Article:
Profound insights into the Book of Psalms have been provided in pithy statements by the two greatest Reformers. Luther averred that the Psalms are “a Bible in miniature” (157). Referring to their spiritual analysis of and power over us, Calvin called the Psalms “an anatomy of the soul.”
Geoffrey Grogan, a British evangelical who died in 2011, also loved and was excited by the Psalms (9), declaring this book “an inexhaustible, inspired resource for the Christian church in every age” and especially in our own day (10). Between his “Theological Introduction” (11-25) and “Practical Conclusion” (275-283), Grogan arranges his twenty-five chapters on the Book of Psalms under four heads: “Its General Features” (including its authors, form, and poetry); “Its Great Themes” (including God’s creating, ruling, speaking to, meeting with, protecting, blessing, and refining His people); “Its Grand Design” (including its structure and message); and “Its Glorious Fulfilment” (in Jesus Christ, who is both God and man, in His sufferings and vindication, according to the New Testament). There is much that is of use here, not only to all believers but also to Reformed pastors. For example, the book is useful in choosing appropriate Psalms to reinforce and elucidate the sermon in the church’s public worship.
Sadly, Grogan sees God’s covenant as “probably based on the suzerainty treaty model common in the ancient Near East” (130). He frequently interacts with higher critics and higher critical methods and ideas. However, Grogan is refreshingly conservative and orthodox on most points. He accepts the indications of authorship in the Psalm superscriptions or headings (e.g., ch. 2). He identifies the “flood” inas the historic flood in the days of Noah in Genesis (90). His most critical remarks are those against Prosperity Theology (10, 213, 244, 248).
Prayer, Praise and Prophecy contains sane and helpful material on hermeneutics (i.e., Bible interpretation). A verse should be understood in its context. Who is the human penman? What was the situation (if any) in the Psalm heading? How does it fit with Old Testament history and theology and with New Testament fulfillment? What is the teaching of the particular Psalm? Is it one of a Psalm pair (e.g., Ps. 15; 24)? Is it in a group of Psalms (e.g., Ps. 93-100; 113-118; 120-134; 146-150)? In which of the five “books” of Psalms does it appear?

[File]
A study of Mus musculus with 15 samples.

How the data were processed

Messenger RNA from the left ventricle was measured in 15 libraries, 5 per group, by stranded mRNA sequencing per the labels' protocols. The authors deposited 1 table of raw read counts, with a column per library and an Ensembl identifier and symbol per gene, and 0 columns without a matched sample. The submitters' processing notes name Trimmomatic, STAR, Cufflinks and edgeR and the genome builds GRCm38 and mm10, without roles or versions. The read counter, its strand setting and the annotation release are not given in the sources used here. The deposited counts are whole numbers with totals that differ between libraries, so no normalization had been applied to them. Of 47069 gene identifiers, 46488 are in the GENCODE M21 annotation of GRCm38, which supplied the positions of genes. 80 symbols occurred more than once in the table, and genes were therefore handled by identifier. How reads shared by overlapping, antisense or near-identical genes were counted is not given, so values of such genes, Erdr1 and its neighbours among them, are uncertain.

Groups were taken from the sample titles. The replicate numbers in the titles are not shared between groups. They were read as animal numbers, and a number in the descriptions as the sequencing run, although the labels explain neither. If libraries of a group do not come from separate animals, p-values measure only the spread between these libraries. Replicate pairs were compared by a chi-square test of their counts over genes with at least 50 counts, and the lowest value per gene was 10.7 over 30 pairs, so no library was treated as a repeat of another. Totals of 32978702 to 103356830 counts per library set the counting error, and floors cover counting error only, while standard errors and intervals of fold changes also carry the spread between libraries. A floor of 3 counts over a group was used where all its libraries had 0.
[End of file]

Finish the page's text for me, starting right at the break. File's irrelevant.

Grogan’s treatment of this last issue—the structure of the Book of Psalms—I found to be the most helpful and provocative in his book. The author, building on the work of others and especially more recent scholarship, seeks to identify unifying ideas within each of the five “books” in the Psalms (Ps. 1-41; 42-72; 73-89; 90-106; 107-150) and traces development through books 1-5 (ch. 15-22). Psalms 1 and 2 are presented as “a double introduction” to the Psalter (ch. 16) and Psalms 146-150 are “the climax of the whole Book of Psalms” (239-241). Though the whole Book contains adoration of Jehovah, this note sounds more and more as the Psalter progresses, concluding with “the final psalm,” Psalm 150, which “is perhaps the purest expression of sheer praise that even the Old Testament contains” (247).
The author proposes that “the message of the Psalter can be seen in its essence in [Psalm] 73” (245). He writes,
It is increasingly recognized that [Psalm] 73 is of great importance in the structure of the Psalter. It has in fact been well suggested that it virtually sums up the message, not only of the whole Book of Psalms but of the whole Old Testament, and so becomes a kind of Old Testament theology in microcosm (211-212).
The British evangelical rightly sees Psalm 73 as opposing Prosperity Theology (213). We would go further: Psalm 73 is against all forms of common grace. Quite something if this Psalm is the “essence” of the Psalter and even the “Old Testament theology in microcosm”!
In his concluding chapter, Grogan asks a key question: How should we use the Psalms? He speaks, in turn, of their importance for Christian understanding, experience, worship, preaching, and personal devotion, before stating in summary that the Psalms are a book for “prayer, praise and reflection” and concluding with a reference to the book’s “canonical purpose” (275-283).
Undoubtedly there is much that is helpful in this. All of the 66 inspired books of the Bible are “profitable  for doctrine,  for reproof,  for correction,  for instruction in righteousness” (). Within this framework, certain biblical books are especially important for theology (e.g., Romans), wisdom (e.g., Proverbs), etc. The Psalms are valuable for all the things that Grogan lists in the previous paragraph.
But there is especially one thing to which the British evangelical fails to do justice: the singing of the Psalms! Alone of the 66 biblical books, the Psalms are not only to be preached, read, and meditated upon but also sung. This is evident in the book’s title, headings, content, and use (e.g., I Chron. 25;; ; ; ; ; ). This is the unique canonical significance of the Bible’s longest book.
In the Psalms, as Tertullian said, David “sings to us about Christ, and through him Christ sings about himself” (249, n. 2). We should especially use and enjoy the rich doctrine and devotion of the Psalms in this holy covenant conversation in song, both individually and corporately. Of all the scriptural canon, God has appointed the Book of Psalms to be sung, so that their theology might live in our hearts as both “an anatomy of the soul” and “a Bible in miniature.”